During a pivotal moment in an undergraduate student’s career, the Engineering for People Design Challenge encourages individuals to broaden their awareness of the social, environmental and economic implications of their engineering solutions. Since 2011, the Design Challenge has been delivered in Cameroon, South Africa, the UK and Ireland and the USA to over 60,000 students.
Each year, we work with a programme partner to create a real-world design brief based on real-world problems that people in their country are facing. These challenges are framed around the UN Sustainable Development Goals. This year’s programme partner is the Centre for Appropriate Technology, an Aboriginal and Torres Strait Islander controlled not-for-profit organisation which “exists to support people in regional and remote Australia in the choices they make in order to maintain their relationship with Country”.
From the 8,000 students who participated in this year’s Design Challenge across the UK and Ireland, the top 36 teams were invited to join us for the Grand Finals where they pitched their ideas to this year’s judges. This process whittled the number of teams to six, who pitched to over 150 participants who attended the event, in addition to a panel of judges which included, chair of Engineers Without Borders UK and Chief Executive of the Institution of Chemical Engineers, Jon Prichard; Dawn Bonfield MBE and Royal Society Entrepreneur in Residence at King’s College London; and Akaraseth Puranasamriddhi, member-elect Trustee at Engineers Without Borders UK and researcher in Climate Risk & Sustainable Finance at the University of Cambridge and a Research Affiliate in Energy Access at University College London.
Student and academic workshop during the Grand Finals
Student team from the University of Warwick
Winning team, University College Dublin being presented with their certificate from chair of Engineers Without Borders UK Jon Prichard
Throughout the day we heard from CEO and Regional Manager of this year’s programme partner, Centre of Appropriate Technology, Peter Renehan and Andre Grant, respectively. The academics who attended alongside their student teams joined a workshop to explore next year’s design brief, developed in partnership with Govan Community Project, which supports the diverse communities in our local area and refugees and people seeking asylum all over Glasgow. We were also joined by Olivia Sweeney, a chemical engineer, Black and Green Ambassador, and featured engineer in the Royal Academy of Engineering’s This Is Engineering campaign, who provided a keynote on How to be an Ethical, Moral, Impactful, Just, Green, Sustainable, Principled, Inclusive, Responsible, Engineer (Everything I know about being an engineer and staying true to yourself).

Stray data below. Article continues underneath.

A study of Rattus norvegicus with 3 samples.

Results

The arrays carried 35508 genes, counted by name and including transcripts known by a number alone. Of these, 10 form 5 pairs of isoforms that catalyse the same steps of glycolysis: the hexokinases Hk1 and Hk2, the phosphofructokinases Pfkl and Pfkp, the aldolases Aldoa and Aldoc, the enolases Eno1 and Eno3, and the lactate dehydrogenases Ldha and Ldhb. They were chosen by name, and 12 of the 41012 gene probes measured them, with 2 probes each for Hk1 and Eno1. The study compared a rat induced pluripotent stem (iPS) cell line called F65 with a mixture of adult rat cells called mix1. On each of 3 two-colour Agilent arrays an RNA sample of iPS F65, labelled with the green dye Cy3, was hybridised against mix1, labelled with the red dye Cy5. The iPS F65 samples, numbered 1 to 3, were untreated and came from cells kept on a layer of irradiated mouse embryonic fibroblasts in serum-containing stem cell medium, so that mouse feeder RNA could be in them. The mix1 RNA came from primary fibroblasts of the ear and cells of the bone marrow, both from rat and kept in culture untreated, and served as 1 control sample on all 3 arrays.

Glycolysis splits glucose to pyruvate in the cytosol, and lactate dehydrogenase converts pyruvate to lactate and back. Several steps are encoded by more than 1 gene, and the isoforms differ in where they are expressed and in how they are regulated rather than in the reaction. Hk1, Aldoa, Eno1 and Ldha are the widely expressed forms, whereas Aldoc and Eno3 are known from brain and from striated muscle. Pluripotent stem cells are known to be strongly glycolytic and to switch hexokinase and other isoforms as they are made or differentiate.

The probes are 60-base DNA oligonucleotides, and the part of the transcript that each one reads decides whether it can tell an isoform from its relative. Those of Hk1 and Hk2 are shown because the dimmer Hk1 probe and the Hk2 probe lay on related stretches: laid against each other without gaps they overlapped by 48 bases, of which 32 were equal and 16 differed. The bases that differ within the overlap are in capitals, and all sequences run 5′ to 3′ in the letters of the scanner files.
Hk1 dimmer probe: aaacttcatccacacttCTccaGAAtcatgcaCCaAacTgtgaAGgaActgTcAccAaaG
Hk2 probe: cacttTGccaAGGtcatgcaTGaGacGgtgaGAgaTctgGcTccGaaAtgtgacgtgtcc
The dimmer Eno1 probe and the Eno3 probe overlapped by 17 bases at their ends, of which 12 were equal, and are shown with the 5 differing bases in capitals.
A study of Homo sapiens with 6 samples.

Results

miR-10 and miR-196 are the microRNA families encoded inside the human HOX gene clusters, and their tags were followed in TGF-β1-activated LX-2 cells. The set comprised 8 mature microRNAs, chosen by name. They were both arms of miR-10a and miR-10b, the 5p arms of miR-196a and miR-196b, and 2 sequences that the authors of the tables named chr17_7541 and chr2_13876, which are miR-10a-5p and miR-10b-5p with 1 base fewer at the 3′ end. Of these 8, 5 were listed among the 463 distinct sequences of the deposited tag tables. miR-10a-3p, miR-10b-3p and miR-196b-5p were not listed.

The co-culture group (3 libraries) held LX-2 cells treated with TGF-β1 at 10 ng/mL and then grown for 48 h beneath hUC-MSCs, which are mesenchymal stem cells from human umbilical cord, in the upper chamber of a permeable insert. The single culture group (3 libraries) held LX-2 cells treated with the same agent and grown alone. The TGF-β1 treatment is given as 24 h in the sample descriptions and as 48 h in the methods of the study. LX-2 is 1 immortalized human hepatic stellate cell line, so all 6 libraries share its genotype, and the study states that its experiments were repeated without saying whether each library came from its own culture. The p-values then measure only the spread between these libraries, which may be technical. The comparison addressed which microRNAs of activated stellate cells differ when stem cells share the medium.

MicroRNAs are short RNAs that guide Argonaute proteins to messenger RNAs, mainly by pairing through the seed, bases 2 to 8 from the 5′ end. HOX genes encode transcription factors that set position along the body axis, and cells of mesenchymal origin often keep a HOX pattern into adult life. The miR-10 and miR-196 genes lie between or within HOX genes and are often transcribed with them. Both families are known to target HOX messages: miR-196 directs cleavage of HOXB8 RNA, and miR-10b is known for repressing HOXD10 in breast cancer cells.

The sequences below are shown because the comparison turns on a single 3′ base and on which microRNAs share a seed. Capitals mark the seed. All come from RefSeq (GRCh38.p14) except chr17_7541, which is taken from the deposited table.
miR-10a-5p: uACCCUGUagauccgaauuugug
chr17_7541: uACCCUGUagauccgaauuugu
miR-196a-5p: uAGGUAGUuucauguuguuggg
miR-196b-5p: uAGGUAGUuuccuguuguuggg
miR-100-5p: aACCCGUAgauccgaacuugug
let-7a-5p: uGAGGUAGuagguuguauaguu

In addition to awarding first and second prizes, the competition also included a public vote: the People’s Prize. This provides all top 36 teams with the opportunity to promote their idea across their networks. The People’s Prize gained nearly 4,000 votes. This year’s People’s Prize was awarded to students from University of the West of England for their design, Evaporative Cooling Barrel gaining 565 of the votes.
Second prize was awarded to University of Strathclyde for their design, Rammed Earth Housing, which are designed to be constructed with a reusable and prefabricated KIT that can be transported easily. The judges commented on the acknowledgement of transportability and opportunities for plastic reuse and how the team combined the availability of local labour and local resources effectively.
First prize went to University College Dublin, who impressed the judges with their concept, Tapatapment; a water filtration unit designed for water taps, created from bamboo shoots. The judges felt the team demonstrated a clear understanding of local needs and with regards to the environmental context, the inclusion of a water metre was a clever addition to help reduce consumption in the area. The use of natural and waste materials was also a novel idea that would reduce environmental impact.
We are extremely grateful to everyone who has contributed to the delivery of this year’s Engineering for People Design Challenge, which includes the educators who deliver this programme in universities, the volunteers who gave up their time during the Grand Finals event and the over 200 volunteers who reviewed the students’ submissions, the judges who provided insightful feedback and assessment, the speakers who inspired, and our partners, without whom this programme would not have the global impact it does.
Learn more about the Engineering for People Design Challenge.